Okanagan board pushing for stronger invasive mussel regulations after B.C. reports 10 contaminated watercraft
The Okanagan Basin Water Board (OBWB) is calling for stronger invasive mussel regulations after several contaminated watercraft were intercepted by provincial inspectors this spring and summer.
Citing provincial statistics from April 1 to July 5, the OBWB said 384 watercraft were intercepted coming into B.C., resulting in 35 decontamination orders with quarantine periods.
Of the 35, nine boats and one kayak were found to be carrying adult invasive mussels.
The OBWB said the contaminated watercraft hailed from Ontario (six), Utah (two), North Carolina (one) and Michigan (one). Two of the 10 were headed to the Okanagan, while the others were destined for Vancouver Island (three), the Lower Mainland (two), the Kootenays (two) and Alaska (one).
The OBWB noted that B.C.’s invasive mussel defence program received advance notice from other jurisdictions on eight of the 10 mussel-fouled watercraft.
Further, of the 384 watercraft, 92 decontaminations were done as a precaution against other aquatic invasive species.
WATCH (May 31, 2019): Meet Major: The latest addition to B.C.’s mussel defence program
“Until we know we are in the clear and there is no chance of invasive mussels making their way into our waters, we are going to be pushing for senior government to do all they can to protect our waters,” said OBWB chairperson Sue McKortoff.
“Our lakes are not only an important tourist destination, they are important as a source of drinking water, to our fishery and the Okanagan’s delicate ecosystem and much more.”
WATCH (Nov. 22, 2018): Protect our precious waters from invasive mussels — Okanagan Basin Water Board to province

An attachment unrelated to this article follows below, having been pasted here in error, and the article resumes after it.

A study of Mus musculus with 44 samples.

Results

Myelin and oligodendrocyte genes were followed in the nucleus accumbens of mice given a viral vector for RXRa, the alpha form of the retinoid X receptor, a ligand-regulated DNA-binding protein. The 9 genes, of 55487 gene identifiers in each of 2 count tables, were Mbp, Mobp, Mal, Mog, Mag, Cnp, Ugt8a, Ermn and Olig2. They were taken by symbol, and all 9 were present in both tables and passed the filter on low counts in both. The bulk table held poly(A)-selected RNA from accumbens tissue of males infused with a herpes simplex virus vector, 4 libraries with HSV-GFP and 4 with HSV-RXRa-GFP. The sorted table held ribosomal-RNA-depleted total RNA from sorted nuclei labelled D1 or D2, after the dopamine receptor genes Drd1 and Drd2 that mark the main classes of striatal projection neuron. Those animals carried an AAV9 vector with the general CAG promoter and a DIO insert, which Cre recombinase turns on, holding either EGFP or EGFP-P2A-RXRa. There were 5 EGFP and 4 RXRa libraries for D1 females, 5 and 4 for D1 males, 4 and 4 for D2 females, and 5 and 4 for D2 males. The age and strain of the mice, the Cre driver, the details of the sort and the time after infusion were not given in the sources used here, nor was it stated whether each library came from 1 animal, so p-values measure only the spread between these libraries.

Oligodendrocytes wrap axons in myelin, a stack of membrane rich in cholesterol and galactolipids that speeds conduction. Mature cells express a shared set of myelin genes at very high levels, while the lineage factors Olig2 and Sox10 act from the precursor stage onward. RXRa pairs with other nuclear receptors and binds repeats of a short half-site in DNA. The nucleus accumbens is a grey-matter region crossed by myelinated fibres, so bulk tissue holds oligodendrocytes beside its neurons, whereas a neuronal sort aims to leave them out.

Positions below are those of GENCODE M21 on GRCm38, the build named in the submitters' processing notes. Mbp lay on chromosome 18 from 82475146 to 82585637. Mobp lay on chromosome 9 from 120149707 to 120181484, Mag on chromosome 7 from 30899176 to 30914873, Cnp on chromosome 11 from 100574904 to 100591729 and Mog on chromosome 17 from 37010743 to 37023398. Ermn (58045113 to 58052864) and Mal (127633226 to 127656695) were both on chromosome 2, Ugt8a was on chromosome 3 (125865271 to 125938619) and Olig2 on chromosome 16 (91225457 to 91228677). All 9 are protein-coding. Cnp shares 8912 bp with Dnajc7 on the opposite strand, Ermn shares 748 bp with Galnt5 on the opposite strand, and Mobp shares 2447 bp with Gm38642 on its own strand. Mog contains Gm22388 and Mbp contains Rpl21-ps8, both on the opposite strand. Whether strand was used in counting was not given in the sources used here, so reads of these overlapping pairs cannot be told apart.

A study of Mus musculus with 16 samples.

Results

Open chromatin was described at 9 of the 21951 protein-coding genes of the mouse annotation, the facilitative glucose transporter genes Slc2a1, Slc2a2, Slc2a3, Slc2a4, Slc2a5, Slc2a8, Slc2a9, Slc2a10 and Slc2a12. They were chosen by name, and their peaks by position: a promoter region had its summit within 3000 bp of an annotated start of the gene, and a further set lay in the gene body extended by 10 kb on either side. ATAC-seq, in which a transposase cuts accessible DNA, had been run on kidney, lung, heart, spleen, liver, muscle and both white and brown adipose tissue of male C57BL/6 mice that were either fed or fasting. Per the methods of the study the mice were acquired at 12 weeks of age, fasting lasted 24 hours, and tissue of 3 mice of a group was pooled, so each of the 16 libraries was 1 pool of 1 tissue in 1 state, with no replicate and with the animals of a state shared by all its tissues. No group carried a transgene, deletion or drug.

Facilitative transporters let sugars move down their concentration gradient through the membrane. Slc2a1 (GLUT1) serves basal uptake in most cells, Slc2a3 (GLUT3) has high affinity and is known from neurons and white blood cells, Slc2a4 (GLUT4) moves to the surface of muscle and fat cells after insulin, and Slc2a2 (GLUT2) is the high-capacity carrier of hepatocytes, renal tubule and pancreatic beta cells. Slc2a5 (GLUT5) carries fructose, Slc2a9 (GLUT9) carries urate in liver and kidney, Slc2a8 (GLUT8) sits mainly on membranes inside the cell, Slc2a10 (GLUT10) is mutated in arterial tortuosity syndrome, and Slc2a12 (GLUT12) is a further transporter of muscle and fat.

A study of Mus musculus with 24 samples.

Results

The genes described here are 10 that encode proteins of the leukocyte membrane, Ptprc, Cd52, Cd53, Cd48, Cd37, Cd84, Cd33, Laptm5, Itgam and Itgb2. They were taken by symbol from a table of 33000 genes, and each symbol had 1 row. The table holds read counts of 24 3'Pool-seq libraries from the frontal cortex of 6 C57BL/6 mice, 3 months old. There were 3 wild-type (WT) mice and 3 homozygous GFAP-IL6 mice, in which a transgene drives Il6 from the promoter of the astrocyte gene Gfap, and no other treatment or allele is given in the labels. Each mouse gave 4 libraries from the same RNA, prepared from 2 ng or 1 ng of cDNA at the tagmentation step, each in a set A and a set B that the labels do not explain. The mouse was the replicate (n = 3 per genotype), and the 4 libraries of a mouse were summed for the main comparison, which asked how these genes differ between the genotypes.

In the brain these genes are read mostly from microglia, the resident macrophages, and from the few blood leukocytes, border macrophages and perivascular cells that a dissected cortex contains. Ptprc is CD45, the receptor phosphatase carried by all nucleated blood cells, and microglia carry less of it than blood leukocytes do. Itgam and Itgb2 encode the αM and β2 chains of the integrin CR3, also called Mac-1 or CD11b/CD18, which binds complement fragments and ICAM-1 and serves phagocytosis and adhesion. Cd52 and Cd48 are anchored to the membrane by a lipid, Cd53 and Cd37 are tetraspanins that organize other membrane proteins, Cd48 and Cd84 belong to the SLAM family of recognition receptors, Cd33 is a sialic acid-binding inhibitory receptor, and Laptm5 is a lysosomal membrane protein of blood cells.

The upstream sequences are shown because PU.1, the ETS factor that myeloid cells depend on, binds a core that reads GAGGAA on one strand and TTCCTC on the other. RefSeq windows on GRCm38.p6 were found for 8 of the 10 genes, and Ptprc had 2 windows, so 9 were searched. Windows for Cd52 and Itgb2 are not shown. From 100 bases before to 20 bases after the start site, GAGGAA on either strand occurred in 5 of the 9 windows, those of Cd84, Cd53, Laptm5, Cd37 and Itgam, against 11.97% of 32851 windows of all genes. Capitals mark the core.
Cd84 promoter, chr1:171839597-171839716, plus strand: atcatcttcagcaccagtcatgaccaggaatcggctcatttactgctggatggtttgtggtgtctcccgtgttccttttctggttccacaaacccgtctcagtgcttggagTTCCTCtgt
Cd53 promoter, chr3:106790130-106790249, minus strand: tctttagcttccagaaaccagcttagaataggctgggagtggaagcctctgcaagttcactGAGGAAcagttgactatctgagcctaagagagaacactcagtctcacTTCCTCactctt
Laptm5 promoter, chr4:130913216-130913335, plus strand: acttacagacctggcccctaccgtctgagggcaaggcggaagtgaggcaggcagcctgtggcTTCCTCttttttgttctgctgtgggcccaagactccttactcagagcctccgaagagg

The OBWB is calling for legislation requiring that all watercraft entering B.C. to be inspected before being allowed to launch in provincial waters.
It is also recommending the province implement “pull the plug” legislation requiring drain plugs be removed from watercraft before transport.
Further, it recommends renewing a public-private partnership that has helped fund the inspection program and expires in early 2021. The board is also calling for the province to increase the program’s funding to at least the 2017 level of $4.45 million to expand and strengthen it.
WATCH (May 22, 2018): Winnipegger visiting Lake Winnipeg shocked by thousands of mussels found on shore
“It’s wonderful that we have 64 inspectors, three full-status conservation officers who can chase down those who fail to stop at inspection stations and two canines to help sniff out mussels,” McKortoff said.
“But we only have one of 12 provincial inspection stations that are open 24 hours a day, and there is no requirement to get an inspection when a station is closed. We need to tighten things up. This is of paramount importance.”
© 2019 Global News, a division of Corus Entertainment Inc.